Join the White Island Tours crew aboard the luxury cruiser ‘PeeJay’ for a 6 hour adventure to explore New Zealand’s only active marine volcano – White Island.
Sitting 49km off the coast of New Zealand’s North Island, this is one of the world’s most accessible live volcanos. With the majority of the volcano sitting beneath the sea it means we are able to disembark directly into the crater complex – no mountain climbing required.
Being a live volcano there is little doubt that White Island is home to New Zealand’s most impressive geothermal activity. Visitors are able to get up close to roaring steam vents, bubbling pits of mud, hot volcanic streams and the amazing lake of steaming acid. The vivid hues of yellow and orange resulting from the abundant sulphur on the island make it a photographer’s dream.
Experienced guides will lead visitors on a two hour exploration of the inner crater, providing a fascinating commentary on the geology of the island as well as stories of attempts to mine sulphur. Along with volcanic and geothermal features, you will see the remains of the sulphur factory which have survived multiple eruptions since being abandoned in the 1930s.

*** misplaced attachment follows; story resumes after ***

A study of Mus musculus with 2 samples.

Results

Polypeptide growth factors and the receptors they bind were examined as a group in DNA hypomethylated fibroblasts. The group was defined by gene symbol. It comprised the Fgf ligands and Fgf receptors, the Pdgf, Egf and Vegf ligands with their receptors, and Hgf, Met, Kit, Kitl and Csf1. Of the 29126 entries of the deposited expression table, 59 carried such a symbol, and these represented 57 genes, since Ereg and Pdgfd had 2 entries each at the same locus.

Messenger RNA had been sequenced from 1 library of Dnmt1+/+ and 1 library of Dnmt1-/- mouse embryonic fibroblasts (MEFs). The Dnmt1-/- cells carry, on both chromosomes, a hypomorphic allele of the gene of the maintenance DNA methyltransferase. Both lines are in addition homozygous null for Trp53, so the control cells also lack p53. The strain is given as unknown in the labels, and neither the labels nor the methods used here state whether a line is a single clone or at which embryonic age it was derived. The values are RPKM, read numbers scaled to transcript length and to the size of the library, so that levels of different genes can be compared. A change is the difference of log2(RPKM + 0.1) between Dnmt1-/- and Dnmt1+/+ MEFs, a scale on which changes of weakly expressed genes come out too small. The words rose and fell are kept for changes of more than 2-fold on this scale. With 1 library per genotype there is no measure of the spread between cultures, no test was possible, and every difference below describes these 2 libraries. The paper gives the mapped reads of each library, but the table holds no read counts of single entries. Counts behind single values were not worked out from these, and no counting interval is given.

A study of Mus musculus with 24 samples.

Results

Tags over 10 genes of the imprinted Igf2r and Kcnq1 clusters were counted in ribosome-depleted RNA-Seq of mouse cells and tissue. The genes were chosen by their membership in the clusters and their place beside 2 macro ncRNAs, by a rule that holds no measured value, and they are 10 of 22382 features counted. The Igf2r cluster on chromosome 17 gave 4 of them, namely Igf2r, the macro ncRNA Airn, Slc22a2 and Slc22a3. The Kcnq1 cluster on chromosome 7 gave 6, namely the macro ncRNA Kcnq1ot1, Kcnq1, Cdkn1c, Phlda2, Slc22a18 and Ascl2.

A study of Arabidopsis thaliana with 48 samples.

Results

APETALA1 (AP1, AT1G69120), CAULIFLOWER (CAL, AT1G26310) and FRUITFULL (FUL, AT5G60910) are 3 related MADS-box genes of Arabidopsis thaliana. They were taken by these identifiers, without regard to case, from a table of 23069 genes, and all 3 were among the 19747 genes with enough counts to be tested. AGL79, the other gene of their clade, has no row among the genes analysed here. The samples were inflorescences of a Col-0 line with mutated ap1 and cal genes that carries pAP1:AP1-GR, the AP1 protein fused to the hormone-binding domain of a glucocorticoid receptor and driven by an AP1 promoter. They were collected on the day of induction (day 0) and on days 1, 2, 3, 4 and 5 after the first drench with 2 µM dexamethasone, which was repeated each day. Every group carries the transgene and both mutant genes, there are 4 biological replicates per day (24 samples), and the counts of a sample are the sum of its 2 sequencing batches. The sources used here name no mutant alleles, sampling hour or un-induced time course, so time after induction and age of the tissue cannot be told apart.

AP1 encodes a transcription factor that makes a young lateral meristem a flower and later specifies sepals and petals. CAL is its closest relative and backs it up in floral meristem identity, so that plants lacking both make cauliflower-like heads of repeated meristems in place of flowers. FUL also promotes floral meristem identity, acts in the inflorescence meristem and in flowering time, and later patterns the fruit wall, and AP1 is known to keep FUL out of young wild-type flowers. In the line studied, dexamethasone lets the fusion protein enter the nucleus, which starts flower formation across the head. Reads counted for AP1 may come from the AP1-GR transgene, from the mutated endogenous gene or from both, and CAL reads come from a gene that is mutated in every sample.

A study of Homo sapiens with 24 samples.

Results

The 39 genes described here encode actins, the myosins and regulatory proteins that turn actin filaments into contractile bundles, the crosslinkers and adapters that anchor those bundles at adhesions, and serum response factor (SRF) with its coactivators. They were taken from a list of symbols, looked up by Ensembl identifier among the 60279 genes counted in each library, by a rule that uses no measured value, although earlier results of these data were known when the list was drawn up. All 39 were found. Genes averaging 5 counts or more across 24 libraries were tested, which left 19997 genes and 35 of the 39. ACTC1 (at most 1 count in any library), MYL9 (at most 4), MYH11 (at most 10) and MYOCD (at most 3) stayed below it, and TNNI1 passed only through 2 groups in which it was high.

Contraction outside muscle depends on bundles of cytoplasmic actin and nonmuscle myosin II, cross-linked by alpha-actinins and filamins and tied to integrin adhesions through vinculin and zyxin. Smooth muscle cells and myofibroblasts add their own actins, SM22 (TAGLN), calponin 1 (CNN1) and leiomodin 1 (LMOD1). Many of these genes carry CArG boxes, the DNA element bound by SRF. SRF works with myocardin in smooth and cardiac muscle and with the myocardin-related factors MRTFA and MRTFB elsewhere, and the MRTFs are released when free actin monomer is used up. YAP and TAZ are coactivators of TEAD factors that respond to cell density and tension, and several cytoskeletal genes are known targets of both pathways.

Once back aboard PeeJay you will be served a light packed lunch which can be enjoyed while viewing the outer walls of the island where Pohutukawa forests grow and large Australasian Gannet colonies exist.
Our journey home often provides the opportunity to spend time viewing dolphins, whales and other marine life. We hold the necessary government permits to interact with these animals and it’s a great way to end an already amazing day.
Tours depart daily (weather permitting) from Whakatane. For those wishing to stay in Whakatane we recommend the White Island Rendezvous motel which is also the check-in location for our tours.
Take a short boat ride to visit one of NZ’s most restricted wildlife sanctuaries. Moutohorā (also known as Whale Island) is home to a number of endangered bird species such as the Saddleback, Kākāriki (NZ parakeet), and the Little Brown Kiwi. It is also home to NZ’s living dinosaur, the Tuatara, and three other species of lizard. Visitors to the island will learn about the island’s cultural significance to the local Maori tribe which had a village based on the island in pre-European times. Along with spectacular views and beautiful bush life, visitors can dig their own personal spa on the island’s secluded hot water beach.